One vexed question which has exercised many minds recently is the meaning of the transitional provisions of the UPC under which patentees can opt out their existing European Patents, and those applied for in the coming years. Many had understood that the intention was that after a transitional period, these existing EPs would have to be litigated in the UPC: there would be a period of seven years when they could be opted out, but after that, the opt out would lapse. It seemed to many that the statement in the Commission on its web site in its FAQs (published 11 December 2012 here) supported that view – see the italicised words below:
However, that is clearly not what the words of the relevant article of the UPC (Article 83) actually say. They say:
“(1) During a transitional period of seven years after the date of entry into force of this Agreement, an action for infringement or for revocation of a European patent [or SPC] may still be brought before national courts or other competent national authorities….
(3) Unless an action has already been brought before the [UPC], a proprietor of or an applicant for a European patent granted or applied for prior to the end of the transitional period under paragraph 1 … as well as a holder of a supplementary protection certificate …, shall have the possibility to opt out from the exclusive competence of the Court. To this end they shall notify their opt-out to the Registry by the latest one month before expiry of the transitional period. The opt-out shall take effect upon its entry into the register.”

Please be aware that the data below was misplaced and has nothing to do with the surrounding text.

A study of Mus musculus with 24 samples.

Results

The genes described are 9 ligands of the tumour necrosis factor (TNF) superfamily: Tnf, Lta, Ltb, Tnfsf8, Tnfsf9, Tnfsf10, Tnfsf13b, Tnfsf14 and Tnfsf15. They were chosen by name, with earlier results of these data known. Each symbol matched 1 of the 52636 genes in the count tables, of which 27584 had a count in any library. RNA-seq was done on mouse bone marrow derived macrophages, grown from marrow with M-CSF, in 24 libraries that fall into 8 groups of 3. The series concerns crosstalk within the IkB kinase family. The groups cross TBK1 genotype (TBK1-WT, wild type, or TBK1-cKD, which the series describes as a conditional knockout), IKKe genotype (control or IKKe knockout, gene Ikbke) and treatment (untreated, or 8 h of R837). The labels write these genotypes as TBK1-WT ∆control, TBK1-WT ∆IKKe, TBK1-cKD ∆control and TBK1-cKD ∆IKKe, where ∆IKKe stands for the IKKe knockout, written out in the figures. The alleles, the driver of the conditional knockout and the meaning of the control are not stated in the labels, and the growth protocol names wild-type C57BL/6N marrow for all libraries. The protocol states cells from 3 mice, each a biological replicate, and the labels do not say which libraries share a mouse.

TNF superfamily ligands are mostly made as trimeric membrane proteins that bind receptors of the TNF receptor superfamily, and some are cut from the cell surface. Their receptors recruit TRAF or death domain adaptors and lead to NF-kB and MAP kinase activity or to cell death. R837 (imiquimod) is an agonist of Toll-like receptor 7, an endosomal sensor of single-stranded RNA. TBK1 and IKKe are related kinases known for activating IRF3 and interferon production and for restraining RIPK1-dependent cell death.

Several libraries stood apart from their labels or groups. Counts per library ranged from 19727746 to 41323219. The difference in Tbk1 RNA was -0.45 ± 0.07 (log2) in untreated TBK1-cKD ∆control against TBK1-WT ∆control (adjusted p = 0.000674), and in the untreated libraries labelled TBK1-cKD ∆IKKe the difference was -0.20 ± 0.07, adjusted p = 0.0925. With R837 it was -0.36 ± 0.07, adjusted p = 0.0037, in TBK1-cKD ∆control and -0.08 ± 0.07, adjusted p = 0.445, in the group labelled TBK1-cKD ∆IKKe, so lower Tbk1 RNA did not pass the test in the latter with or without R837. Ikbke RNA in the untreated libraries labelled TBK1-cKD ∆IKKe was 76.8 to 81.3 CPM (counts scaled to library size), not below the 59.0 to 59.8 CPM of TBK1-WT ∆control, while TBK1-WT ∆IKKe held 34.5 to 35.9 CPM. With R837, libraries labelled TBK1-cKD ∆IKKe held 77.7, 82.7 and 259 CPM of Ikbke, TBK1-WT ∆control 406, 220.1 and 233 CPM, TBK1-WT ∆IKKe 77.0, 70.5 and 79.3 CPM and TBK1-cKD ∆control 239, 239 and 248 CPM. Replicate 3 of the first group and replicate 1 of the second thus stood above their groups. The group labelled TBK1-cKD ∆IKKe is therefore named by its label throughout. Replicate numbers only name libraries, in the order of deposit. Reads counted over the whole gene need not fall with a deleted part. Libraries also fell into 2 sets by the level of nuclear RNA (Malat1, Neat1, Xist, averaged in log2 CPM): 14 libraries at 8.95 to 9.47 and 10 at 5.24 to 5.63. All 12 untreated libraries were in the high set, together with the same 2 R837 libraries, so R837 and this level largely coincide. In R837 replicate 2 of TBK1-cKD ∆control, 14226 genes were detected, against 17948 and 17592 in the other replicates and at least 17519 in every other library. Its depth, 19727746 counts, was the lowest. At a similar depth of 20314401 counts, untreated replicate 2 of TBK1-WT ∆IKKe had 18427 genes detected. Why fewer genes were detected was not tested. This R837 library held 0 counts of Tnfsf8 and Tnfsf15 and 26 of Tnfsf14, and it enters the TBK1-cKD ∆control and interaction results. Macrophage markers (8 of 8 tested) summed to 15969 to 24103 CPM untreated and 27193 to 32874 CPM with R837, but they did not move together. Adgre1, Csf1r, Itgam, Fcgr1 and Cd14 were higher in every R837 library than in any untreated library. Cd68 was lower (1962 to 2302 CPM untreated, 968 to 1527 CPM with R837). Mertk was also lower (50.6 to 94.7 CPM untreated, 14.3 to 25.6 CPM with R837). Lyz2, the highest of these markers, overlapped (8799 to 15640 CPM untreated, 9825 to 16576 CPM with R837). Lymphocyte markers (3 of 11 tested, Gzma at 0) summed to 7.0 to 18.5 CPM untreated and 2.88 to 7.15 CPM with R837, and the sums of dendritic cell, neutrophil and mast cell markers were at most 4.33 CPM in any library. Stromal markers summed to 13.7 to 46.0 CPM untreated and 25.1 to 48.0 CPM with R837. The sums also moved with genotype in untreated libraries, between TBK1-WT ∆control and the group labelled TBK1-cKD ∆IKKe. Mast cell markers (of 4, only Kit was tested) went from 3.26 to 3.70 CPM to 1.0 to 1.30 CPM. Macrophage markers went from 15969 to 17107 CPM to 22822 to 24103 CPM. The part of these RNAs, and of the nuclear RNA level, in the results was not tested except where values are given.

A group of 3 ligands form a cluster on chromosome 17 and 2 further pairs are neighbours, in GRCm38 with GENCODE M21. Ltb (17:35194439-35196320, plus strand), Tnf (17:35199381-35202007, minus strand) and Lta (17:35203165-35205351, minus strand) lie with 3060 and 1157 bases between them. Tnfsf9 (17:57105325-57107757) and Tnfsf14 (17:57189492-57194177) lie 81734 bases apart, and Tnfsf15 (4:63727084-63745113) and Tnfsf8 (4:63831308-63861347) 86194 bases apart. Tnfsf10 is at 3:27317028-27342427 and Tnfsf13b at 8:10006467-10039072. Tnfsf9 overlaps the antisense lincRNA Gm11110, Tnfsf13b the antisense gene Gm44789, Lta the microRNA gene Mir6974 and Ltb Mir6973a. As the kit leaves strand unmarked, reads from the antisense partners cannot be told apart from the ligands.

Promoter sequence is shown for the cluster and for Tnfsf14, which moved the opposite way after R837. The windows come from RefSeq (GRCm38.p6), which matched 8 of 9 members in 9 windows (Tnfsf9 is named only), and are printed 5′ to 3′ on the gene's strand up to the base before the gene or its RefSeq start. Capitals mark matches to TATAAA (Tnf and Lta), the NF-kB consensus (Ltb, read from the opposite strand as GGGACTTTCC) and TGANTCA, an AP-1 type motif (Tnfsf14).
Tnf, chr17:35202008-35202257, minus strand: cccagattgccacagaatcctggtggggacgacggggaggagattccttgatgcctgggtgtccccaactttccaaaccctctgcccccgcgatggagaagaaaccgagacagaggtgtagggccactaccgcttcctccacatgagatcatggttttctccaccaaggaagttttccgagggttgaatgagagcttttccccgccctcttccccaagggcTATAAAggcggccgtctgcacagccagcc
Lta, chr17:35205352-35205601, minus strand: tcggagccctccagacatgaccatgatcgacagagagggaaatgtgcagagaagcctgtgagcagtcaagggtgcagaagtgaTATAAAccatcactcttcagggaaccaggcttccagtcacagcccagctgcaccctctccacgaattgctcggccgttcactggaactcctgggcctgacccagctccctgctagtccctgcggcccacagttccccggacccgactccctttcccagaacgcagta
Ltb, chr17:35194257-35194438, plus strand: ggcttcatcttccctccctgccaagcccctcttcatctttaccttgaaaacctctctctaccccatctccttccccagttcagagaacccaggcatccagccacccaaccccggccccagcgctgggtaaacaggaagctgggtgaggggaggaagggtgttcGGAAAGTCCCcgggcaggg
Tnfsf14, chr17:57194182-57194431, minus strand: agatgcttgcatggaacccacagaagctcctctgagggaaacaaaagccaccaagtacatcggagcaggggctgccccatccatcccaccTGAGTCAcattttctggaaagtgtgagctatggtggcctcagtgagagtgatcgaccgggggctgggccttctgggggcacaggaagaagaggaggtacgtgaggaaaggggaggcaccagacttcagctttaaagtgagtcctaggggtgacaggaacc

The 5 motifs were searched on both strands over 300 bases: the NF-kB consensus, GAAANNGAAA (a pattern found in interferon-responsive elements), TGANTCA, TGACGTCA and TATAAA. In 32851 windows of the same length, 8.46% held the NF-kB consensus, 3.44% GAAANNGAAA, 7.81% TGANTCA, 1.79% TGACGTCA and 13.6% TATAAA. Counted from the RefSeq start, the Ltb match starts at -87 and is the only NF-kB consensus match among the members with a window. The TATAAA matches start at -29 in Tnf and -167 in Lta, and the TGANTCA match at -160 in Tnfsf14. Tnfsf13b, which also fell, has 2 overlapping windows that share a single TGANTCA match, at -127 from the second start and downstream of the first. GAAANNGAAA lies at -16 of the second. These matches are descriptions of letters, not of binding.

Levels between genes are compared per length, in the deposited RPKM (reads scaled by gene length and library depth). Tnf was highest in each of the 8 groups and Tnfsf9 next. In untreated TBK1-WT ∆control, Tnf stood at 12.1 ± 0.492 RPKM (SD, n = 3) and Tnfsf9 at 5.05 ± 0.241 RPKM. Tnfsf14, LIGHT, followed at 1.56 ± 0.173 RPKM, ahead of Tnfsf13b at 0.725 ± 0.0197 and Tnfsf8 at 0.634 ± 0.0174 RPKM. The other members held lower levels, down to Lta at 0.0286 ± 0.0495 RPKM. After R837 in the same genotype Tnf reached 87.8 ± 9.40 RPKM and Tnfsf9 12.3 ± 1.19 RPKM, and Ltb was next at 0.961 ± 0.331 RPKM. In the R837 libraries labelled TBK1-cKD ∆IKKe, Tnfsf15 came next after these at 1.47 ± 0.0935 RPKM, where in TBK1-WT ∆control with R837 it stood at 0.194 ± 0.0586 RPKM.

Sub-clause (1) seems perfectly clear that even in the case of an EP which has not been opted out under the Article 83(3) procedure, one may still have national infringement or revocation proceedings for the first seven years, whilst the second separate provision seems clearly to state that the effect that the opt out lasts for the entire life of the patent/SPC since it does not state that the opt-out comes to an automatic end after 7 years. The great difficulty with the possibility that the plain wording might not be all that it seems is two-fold. First, there would be uncertainty on this until a Court ruling – which may be in the UPC or a national Court, but which could not arise until after the seven year period was over. Second, if every patentee (or nearly so) opts out, as is widely predicted, the Commission may re-visit the provisions to change the wording at the revision stage.
Happily, the Commission has clarified its position and stated that the opt out is intended to be for the life of the patent. The explanation of the opt-out provisions now reads as follows:
Hopefully, this will put this aspect of the uncertainty as to the provisions to an end.
One further point does remain, however. Article 83(3) refers to opting out of the “exclusive jurisdiction” of the UPC. This is presumably meant to be a reference to the UPC having exclusive competence over certain types of actions. However, it seems entirely arguable – which means that litigants will argue the point – that the UPC does not have exclusive competence during the transitional period. On this point the uncertainty regrettably remains.